Who Knew—Dad Was Right!
“When I was a boy of fourteen, my father was so ignorant I could hardly stand to have the old man around. But when I got to be twenty-one, I was astonished at how much the old man had learned in seven years.”
This is one of my favorite Mark Twain quotes because it so perfectly expresses how we learn to appreciate our fathers, especially as we get older and discover they may have been right.
Remember some of the great fatherly advice we received over the years?
Just Some Common Sense
I’m sure we also have memories of our Dads doling out these old chestnuts as we helped him do chores or complete his list of honey-dos around the house. Some of those little nuggets of wisdom are just as relevant today as they were years ago.
“Don’t throw it away. Try and fix it first.”
Advice undoubtedly passed down from our father’s father. When you think about it, some of our grandparents were the original conservationists. Living through a World War and the Depression, they became experts at finding ways to repair, reuse or repurpose stuff all the time. Rarely was anything thrown away. Why, I remember cutting up old clothes to be turned into potholders, work cloths, dust rags or quilts.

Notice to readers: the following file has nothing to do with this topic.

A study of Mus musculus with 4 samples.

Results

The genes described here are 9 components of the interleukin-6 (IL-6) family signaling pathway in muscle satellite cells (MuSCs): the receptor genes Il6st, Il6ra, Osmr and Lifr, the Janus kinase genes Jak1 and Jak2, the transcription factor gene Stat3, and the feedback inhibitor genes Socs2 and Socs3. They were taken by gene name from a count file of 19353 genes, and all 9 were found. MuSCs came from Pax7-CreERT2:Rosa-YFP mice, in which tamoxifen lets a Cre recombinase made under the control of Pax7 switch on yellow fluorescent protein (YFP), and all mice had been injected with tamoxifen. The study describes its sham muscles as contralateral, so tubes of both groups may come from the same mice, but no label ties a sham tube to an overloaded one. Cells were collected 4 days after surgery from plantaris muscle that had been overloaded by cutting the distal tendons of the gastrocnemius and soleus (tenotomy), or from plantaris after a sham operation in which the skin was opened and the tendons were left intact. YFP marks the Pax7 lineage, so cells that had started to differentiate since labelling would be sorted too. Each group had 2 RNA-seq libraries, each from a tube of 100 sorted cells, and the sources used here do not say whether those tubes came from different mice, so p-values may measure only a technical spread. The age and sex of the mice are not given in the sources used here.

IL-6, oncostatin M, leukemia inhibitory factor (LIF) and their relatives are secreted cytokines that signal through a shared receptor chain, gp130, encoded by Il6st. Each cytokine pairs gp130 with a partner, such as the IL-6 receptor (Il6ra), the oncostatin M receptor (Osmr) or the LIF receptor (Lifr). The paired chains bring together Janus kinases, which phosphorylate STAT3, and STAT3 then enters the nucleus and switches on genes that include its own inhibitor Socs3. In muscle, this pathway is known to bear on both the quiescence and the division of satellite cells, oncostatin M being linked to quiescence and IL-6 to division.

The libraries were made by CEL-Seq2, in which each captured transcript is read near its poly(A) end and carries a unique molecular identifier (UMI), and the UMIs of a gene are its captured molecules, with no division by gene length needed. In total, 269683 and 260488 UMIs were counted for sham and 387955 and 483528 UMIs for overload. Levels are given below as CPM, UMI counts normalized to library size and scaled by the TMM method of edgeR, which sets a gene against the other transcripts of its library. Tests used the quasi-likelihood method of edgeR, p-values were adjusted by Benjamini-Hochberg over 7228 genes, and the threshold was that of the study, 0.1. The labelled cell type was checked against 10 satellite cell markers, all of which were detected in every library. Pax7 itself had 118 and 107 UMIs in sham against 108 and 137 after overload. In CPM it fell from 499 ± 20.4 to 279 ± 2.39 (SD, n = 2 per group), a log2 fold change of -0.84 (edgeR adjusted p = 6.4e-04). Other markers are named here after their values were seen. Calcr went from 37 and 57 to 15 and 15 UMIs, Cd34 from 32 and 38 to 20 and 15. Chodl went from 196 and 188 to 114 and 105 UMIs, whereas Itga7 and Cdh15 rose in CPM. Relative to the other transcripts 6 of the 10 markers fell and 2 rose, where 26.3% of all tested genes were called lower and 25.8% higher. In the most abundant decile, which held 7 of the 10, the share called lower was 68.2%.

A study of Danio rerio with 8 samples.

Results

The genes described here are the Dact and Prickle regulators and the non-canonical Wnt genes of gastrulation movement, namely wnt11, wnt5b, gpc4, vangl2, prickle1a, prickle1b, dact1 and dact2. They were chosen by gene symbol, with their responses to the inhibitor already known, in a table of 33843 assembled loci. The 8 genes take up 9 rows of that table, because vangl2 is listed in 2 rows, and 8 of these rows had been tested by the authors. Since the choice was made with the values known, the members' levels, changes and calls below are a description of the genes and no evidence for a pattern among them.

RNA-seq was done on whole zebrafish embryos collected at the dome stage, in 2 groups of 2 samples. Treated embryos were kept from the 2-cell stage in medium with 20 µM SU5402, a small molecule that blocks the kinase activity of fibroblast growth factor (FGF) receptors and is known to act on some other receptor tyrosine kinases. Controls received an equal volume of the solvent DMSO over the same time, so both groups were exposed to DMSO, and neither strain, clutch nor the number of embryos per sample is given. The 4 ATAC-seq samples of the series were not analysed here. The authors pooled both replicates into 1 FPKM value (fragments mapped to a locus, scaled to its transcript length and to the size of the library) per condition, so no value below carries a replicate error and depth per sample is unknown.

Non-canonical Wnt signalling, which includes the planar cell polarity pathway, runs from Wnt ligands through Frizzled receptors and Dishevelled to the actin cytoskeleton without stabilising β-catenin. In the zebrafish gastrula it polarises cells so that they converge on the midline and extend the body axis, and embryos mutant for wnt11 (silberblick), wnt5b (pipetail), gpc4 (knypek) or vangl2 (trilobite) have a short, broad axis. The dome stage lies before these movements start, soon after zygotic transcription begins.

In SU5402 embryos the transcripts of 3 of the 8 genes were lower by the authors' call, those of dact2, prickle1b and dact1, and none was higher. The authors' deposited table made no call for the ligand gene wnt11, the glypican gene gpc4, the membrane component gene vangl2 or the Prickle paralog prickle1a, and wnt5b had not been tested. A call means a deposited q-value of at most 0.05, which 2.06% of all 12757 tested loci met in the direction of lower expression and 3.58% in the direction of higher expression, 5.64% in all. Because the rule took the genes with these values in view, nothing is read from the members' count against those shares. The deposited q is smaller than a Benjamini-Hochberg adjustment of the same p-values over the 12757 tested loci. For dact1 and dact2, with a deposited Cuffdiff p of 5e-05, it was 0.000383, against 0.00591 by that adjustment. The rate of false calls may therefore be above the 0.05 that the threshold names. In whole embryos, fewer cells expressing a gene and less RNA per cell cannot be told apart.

“We’re not trying to cool/heat the whole neighborhood.”
This priceless gem was heard every time a door was standing ajar, a light was left on in an empty room or you couldn’t find what you wanted from the fridge fast enough. Who knew frugal fathers were also helping the environment along with their pocketbooks. That is why I’m sure these tips on staying cool would be Dad-approved.
“Spend a little more now, and you will save more later.”
It makes sense to buy quality over quantity. Remember that classic suit or work boots Dad owned? He probably only had to replace it once—if ever. So he not only saved money, but he reduced waste by not having to get rid of poor-quality items. Even more profound advice when you consider purchasing items that are being ethically manufactured.
“Stop wasting water!”
Urgent and direct—this was most assuredly the mantra to live by anytime work in the yard or garden was to be done. No matter what part of the country you came from or the climate, this was always the one hard-and-fast rule when it came to yard work—never waste water.
Who knew? Dad was a tree hugger!
So, no matter what your Dad may have bellowed out across the yard as you spent your Saturday toiling in the hot summer sun or conveyed across the dinner table, you can look back and trust that most everything he told you as a kid turned out to be sound advice for life. And also the environment.
Discover the kind of hobbies and activities your father enjoys. Then plan a day he would love by doing some of those things together. Find something worth sharing and create a new family tradition.
What is some of the sage advice or wise words you received from your father? Share your favorite memories in the comments below.
Will you pass your father’s advice on to your children?